If you’re tired of seeing the same news as everyone else, The Washington Post is now experimenting with personalized headlines.
That experiment is called Personal Post, and it’s available at personal.washingtonpost.com, where you’ll see a river of content that you can customize. If you’re already a member at WashingtonPost.com, you can log in and the site will offer headlines tailored to match your previous activity. If not, you can choose from The Post’s “starter streams,” like National Pulse, Washington Life, and Sports Nut.
“Out of the tens of millions of readers that come to the Post every month we know that each one wants to consume a particular type of news,” says Katharine Zaleski, Executive Director of Digital News, in the Personal Post press release.
For a first-time user, Personal Post can seem like just another collection of articles, albeit one that focuses on a specific collection of topics. Over time, however, readers can give The Post more information about their interests, which in turn will lead to a more customized feed. If there’s an article you don’t like, you can hit a button to remove it from your stream, or to see “less of this,” or to remove the entire topic from your interests. As you’re browsing the site, articles also have a “more” button, which allows readers to say that they want to see more of a certain type of article.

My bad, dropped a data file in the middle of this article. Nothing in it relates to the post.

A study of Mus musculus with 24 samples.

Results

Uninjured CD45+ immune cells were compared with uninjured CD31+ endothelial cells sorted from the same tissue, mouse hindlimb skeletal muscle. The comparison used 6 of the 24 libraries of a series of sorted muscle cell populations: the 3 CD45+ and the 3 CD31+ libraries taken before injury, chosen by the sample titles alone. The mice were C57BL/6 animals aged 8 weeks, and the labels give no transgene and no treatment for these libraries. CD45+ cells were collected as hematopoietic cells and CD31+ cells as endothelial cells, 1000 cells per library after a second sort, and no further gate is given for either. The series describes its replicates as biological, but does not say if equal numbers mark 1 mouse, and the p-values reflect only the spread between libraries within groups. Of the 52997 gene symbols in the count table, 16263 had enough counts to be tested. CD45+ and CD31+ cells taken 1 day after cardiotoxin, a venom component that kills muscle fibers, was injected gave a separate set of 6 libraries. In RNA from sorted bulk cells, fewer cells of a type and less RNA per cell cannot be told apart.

Personal Post uses technology from Trove, The Post’s personalized news aggregator launched last year.
Last fall, The Post launched the Social Reader, an app for reading and sharing stories on Facebook, and it now has 15 million subscribers. Senior Vice President and Chief Digital Officer Vijay Ravindran says Personal Post and Social Reader have very different aims, since Personal Post’s recommendations are completely private. What they share, however, is an aim to “help us understand the various ways readers want to consume news.”
Other newspapers have also experimented with personalized content. Most notably, The Wall Street Journal is working with startup Gravity to personalize the content on part of its front page. (Gravity is also providing the personalized TechCrunch recommendations to the right of this post.) So I wondered: If the test is successful, could The Post follow suit and personalize content throughout its site?
“We’re not sure how an experiment like Personal Post will manifest, but this beta can help provide a clearer picture,” Zaleski tells me.